What type of mushroom

Chippintuff

June 5th, 2018, 9:39 pm #1

Is this a chicken of the woods?

WA

June 5th, 2018, 10:06 pm #2

I recognize it as such, but unfortunately it appears to be spent.

An optimal Chicken of the Woods is of a brighter and more vibrant color and the margins of its 'shelves' are still slightly rounded instead of tapering to a thin edge.

There is a good chance that it will fruit in the same location during its next growth cycle.

Looks like what dad called "hen and chicks"
Find a local mushroom expert to check out mushrooms you are not familiar with before eating...😀

Hillbilly good to see you back...
Forager is the local Mushroom expert...LOL!~!

Interesting to hear what a old timey Mushroom forager called it... Quills
" You can't stop the waves .... but, you can learn to surf."

Quillsnkiko wrote: Hillbilly good to see you back...
Forager is the local Mushroom expert...LOL!~!

Interesting to hear what a old timey Mushroom forager called it... Quills
Thank you Quills...:D


LOL ya Forager posted while i was still typing.

I'm also glad to see you back, Homer.  I easily recall a number of your posts, most particularly the Locust thorn burglar alarm - a classic. 

I think you offered the more appropriate comment.  Because I know that WA is very cautious and respectful of plant and mushroom chemistry I felt at liberty to offer a direct response.  However, your words convey necessary wisdom to a greater readership which includes curious but uninformed folks who may not grasp how serious this topic can be.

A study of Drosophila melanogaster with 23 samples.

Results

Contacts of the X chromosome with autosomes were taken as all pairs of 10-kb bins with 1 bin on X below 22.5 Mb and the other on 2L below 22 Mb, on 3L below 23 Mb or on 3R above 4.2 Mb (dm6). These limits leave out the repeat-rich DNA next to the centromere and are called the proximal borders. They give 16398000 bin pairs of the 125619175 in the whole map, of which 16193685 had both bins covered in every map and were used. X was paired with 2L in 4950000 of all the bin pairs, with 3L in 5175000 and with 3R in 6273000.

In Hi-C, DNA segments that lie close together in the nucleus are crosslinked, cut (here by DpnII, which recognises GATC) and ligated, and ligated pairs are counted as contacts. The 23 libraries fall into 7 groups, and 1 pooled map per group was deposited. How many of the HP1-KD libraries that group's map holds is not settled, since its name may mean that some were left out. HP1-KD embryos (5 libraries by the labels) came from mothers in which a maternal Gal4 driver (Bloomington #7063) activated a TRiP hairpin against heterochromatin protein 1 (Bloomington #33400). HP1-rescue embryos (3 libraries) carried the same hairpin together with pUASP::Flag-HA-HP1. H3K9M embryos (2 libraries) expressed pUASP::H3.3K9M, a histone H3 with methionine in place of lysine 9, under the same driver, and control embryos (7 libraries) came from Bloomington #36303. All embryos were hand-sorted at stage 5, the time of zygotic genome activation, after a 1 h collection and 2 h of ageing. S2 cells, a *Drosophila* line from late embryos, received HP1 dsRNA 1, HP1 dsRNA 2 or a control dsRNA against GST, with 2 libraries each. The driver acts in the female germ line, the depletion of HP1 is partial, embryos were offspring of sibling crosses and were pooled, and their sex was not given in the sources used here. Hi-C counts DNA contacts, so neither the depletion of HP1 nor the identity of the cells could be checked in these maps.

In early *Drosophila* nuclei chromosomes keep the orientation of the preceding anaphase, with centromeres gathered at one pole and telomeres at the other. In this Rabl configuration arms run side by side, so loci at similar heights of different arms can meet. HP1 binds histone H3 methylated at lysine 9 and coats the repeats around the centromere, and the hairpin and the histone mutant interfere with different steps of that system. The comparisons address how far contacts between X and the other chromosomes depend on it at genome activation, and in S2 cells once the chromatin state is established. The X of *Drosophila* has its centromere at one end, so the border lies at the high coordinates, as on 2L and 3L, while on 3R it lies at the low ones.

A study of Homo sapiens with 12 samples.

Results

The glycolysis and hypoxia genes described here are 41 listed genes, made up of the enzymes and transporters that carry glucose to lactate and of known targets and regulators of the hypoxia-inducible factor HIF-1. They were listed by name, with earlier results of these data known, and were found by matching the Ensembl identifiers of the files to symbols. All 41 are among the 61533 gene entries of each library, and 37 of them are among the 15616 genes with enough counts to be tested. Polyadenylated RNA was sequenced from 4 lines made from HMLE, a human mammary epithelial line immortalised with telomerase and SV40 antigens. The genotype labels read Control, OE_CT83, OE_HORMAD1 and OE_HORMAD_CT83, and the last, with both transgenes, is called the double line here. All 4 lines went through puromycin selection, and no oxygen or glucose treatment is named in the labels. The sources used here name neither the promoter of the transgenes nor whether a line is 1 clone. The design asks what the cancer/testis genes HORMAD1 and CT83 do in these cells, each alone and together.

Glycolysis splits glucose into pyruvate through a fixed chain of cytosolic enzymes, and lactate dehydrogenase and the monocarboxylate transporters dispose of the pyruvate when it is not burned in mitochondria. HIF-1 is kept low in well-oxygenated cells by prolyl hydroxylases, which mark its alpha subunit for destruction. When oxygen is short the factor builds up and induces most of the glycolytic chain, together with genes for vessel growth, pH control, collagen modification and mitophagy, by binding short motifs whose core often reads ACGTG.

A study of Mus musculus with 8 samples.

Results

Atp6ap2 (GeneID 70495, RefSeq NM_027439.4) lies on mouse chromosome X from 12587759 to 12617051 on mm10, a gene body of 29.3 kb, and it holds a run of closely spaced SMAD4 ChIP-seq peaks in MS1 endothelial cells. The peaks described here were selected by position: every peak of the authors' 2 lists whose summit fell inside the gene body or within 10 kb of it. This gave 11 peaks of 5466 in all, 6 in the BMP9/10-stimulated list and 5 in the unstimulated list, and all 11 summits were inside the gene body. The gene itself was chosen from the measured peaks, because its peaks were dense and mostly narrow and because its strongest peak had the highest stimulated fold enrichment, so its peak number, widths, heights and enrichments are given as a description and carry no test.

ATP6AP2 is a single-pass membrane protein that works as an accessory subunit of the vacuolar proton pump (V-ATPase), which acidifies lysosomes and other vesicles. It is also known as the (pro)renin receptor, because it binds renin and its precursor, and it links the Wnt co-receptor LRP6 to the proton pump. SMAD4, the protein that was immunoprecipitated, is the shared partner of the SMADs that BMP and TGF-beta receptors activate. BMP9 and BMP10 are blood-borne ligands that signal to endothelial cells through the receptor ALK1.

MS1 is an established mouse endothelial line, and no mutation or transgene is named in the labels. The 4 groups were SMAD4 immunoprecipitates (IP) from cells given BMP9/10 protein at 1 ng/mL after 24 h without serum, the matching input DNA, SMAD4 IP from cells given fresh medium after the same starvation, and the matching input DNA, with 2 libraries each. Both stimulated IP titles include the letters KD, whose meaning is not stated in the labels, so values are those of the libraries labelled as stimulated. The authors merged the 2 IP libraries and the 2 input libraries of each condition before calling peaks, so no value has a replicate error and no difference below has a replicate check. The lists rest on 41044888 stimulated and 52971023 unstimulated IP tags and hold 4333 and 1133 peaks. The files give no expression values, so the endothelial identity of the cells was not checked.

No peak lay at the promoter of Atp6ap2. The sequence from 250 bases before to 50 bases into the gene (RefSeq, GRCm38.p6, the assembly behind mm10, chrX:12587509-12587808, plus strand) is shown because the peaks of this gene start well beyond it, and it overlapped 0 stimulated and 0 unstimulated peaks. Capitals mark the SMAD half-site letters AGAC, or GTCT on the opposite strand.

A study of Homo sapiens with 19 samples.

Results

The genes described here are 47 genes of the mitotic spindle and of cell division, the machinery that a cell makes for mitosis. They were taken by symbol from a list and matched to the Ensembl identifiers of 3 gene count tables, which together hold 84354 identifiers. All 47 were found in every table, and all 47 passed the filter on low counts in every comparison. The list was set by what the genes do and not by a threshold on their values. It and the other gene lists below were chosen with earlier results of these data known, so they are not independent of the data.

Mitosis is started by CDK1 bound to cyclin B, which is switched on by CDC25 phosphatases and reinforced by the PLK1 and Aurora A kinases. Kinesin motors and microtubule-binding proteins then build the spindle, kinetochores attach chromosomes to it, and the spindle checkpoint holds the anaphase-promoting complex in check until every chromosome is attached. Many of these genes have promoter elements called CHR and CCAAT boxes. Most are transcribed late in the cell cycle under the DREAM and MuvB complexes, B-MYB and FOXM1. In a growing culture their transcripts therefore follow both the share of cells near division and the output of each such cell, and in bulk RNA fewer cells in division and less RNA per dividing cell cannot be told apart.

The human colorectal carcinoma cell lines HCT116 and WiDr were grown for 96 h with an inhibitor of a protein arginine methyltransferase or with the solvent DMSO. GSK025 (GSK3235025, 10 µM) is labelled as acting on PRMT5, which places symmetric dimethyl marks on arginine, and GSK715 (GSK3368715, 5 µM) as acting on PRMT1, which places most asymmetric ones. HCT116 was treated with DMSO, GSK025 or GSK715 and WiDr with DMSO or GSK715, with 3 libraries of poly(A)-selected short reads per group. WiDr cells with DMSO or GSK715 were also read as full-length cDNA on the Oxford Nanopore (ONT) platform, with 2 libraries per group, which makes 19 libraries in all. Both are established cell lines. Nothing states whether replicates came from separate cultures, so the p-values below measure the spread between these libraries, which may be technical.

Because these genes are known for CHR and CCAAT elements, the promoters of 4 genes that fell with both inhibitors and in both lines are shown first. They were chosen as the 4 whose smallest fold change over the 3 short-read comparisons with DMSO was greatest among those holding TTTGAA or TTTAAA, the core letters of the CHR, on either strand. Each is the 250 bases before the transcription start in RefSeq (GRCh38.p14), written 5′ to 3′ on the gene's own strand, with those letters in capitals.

Laetiporus sp. Should be bright yellow underneath.  This one is too old to eat.

Lacterious volumnes are a good eating mushroom and are coming out now in Florida. Identification includes the white milky color that is sticky. The color is tanish orangish. Look them up. I use a field guide to help me.

We have three magnificent edible Lactarius species which look more or less alike, here in NJ.  L. hygrophoroides is more common than its cousins and looks identical to your sample.  The L. volemus has more closely spaced gills, tends to be a bit larger, is scented like fish only when cut or bruised (upon cooking they smell like mushrooms) and 'bleeds' latex generously.  The third, L. corrugis has crowded gills and a richer, deeper color than the others.

All three are outstanding, with a dense texture and beautiful flavor.  Finding any one of them is delightful, as much for their rich color and form as the promise they bring to the table.  Up here they begin to appear in early July and can run until October.

Thanks everybody for all the comments. I felt pretty sure that was the correct ID, but wanted to be sure. I found this one on my brother-in-law's place in middle TN. It's a shame that my home area is too dry to have many mushroom opportunities.

WA

I wish I'd thought of this at the time of my original post describing a properly ripe specimen of Chicken of the Woods....

This shows what I had in mind:
Chicken 1.JPG

That is such a beautiful Picture Forager.

Quills
" You can't stop the waves .... but, you can learn to surf."

I agree Quills.  I consider myself so fortunate to encounter Nature at her finest in so many different settings... and glad to have had a camera in order to sort of bring others along on my forays.

And they tasted as beautiful as they look!  I slowly cooked them over low heat, and after I killed the flame I stirred in a little cream and coarse mustard for a mock Chicken Dijon served over rice with a scatter of fresh thyme leaves.